Beyonce, left, sings with Chris Martin of Coldplay and Bruno Mars, right, during the halftime show at Super Bowl 50 at Levi's Stadium in Santa Clara, Calif., on Sunday, Feb. 7, 2016. (Nhat V. Meyer/Bay Area News Group/TNS)
Beyonce, left, sings with Chris Martin of Coldplay and Bruno Mars, right, during the halftime show at Super Bowl 50 at Levi’s Stadium in Santa Clara, Calif., on Sunday, Feb. 7, 2016. (Nhat V. Meyer/Bay Area News Group/TNS)

On Feb. 6, Beyoncé released her first new song since 2014, a song titled Formation. And the reaction from some viewers was absurd.
The video depicts images of African American culture in New Orleans. There are images of flooded houses and classic Mardi Gras celebrations as the music plays with unabashedly proud lyrics such as “I might just be a black Bill Gates in the making.” This video is one of the most visible times Beyoncé has embraced her southern heritage. And people are completely overreacting.

SNL captured the essence of the viral chaos following the release of her video with their skit entitled “the day Beyoncé turned black.” In this skit, people lose their minds in a near-dystopian fashion, as they run screaming through the streets and hiding under desks.

Her performance during the Super Bowl was also strongly criticized. Despite an amazing performance with spectacular singing and dancing, some focused on how her dancers were not diverse enough; that is, they were all African American. Considering all-white dance crews are common enough, the all-African American crew is far from offensive.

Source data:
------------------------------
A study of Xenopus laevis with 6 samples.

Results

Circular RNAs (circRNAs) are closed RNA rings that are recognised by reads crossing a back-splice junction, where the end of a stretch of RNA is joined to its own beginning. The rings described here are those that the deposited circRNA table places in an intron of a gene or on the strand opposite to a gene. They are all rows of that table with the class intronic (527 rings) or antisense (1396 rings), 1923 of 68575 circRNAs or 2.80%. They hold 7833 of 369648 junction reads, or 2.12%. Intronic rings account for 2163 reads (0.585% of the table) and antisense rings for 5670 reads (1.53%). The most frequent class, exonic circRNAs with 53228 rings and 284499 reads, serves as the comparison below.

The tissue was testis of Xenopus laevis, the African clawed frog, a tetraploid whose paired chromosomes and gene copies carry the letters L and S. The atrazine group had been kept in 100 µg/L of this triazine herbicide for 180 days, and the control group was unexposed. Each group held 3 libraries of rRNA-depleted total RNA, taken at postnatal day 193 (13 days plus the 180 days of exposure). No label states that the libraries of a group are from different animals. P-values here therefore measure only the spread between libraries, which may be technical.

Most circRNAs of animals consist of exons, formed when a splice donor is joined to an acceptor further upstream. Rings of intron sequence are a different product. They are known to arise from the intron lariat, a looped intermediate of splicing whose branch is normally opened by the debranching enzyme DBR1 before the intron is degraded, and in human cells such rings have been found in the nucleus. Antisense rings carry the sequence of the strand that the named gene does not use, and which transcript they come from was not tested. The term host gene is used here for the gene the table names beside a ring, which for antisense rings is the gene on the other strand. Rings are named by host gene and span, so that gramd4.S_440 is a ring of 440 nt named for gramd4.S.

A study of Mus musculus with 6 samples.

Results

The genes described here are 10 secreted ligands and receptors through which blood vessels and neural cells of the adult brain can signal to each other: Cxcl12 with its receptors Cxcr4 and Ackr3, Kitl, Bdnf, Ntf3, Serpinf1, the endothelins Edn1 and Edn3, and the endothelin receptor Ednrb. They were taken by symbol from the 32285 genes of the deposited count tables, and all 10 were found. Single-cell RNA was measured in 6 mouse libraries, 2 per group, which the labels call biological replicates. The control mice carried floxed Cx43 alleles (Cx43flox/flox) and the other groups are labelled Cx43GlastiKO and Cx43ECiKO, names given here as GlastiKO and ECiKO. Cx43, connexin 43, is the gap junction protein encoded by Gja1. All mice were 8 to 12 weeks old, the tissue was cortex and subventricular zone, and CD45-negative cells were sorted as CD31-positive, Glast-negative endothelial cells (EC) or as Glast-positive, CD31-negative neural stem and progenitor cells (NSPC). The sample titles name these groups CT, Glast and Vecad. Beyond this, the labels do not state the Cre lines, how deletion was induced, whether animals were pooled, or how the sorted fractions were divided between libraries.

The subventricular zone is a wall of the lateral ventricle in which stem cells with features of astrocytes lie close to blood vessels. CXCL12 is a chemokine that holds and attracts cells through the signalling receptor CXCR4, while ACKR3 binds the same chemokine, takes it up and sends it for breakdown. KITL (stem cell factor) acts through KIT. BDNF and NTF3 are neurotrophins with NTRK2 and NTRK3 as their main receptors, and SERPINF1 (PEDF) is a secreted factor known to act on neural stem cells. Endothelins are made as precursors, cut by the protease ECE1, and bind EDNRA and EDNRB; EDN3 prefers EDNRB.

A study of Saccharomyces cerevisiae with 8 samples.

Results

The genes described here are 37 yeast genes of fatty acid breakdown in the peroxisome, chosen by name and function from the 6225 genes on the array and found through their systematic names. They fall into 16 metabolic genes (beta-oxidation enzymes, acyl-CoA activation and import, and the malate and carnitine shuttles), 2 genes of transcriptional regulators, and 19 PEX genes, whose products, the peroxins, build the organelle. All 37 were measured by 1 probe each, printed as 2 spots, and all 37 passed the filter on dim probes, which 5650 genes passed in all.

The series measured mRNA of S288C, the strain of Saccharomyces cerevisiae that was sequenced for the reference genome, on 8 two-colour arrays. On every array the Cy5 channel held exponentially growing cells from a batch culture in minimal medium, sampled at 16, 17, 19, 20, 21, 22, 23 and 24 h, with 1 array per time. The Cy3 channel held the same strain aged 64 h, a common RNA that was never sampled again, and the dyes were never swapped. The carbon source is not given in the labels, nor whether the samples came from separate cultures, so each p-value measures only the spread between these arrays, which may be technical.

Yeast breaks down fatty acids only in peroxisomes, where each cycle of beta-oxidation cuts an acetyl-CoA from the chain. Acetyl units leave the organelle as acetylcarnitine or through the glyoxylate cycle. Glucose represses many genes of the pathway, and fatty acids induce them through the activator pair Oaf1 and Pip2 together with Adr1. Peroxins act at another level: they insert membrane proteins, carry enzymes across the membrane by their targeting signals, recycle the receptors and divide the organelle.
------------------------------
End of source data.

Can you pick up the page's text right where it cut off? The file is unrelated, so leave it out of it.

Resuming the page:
Though people are not running and screaming through the streets as satirized in the recent Saturday Night Live skit, the actual reaction has been harsh. According to a recent article on the website the Inquisitor.com, police are being urged to boycott Beyoncé’s “Formation” world tour. This movement, headed by President of the Miami Fraternal Order of Police Javier Ortiz, urges officers to not provide protection during her upcoming world tour in May and June.

The video does not contain nearly enough controversial material to receive such backlash. There is a powerful shot of a young African American boy dancing in front of police in full riot gear before raising his hands in the fashion of the Black Lives Matter movement, but this is a small shot in an otherwise harmless video. Yes, there is one other part where it passes over graffiti saying “Stop Shooting Us.”

However, it is Beyoncé’s right to show pride in her heritage and to subliminally support a movement in her own art.

She has the right to make her art freely, but the police do not have the right to not provide her protection as a result of a mildly controversial video and performance.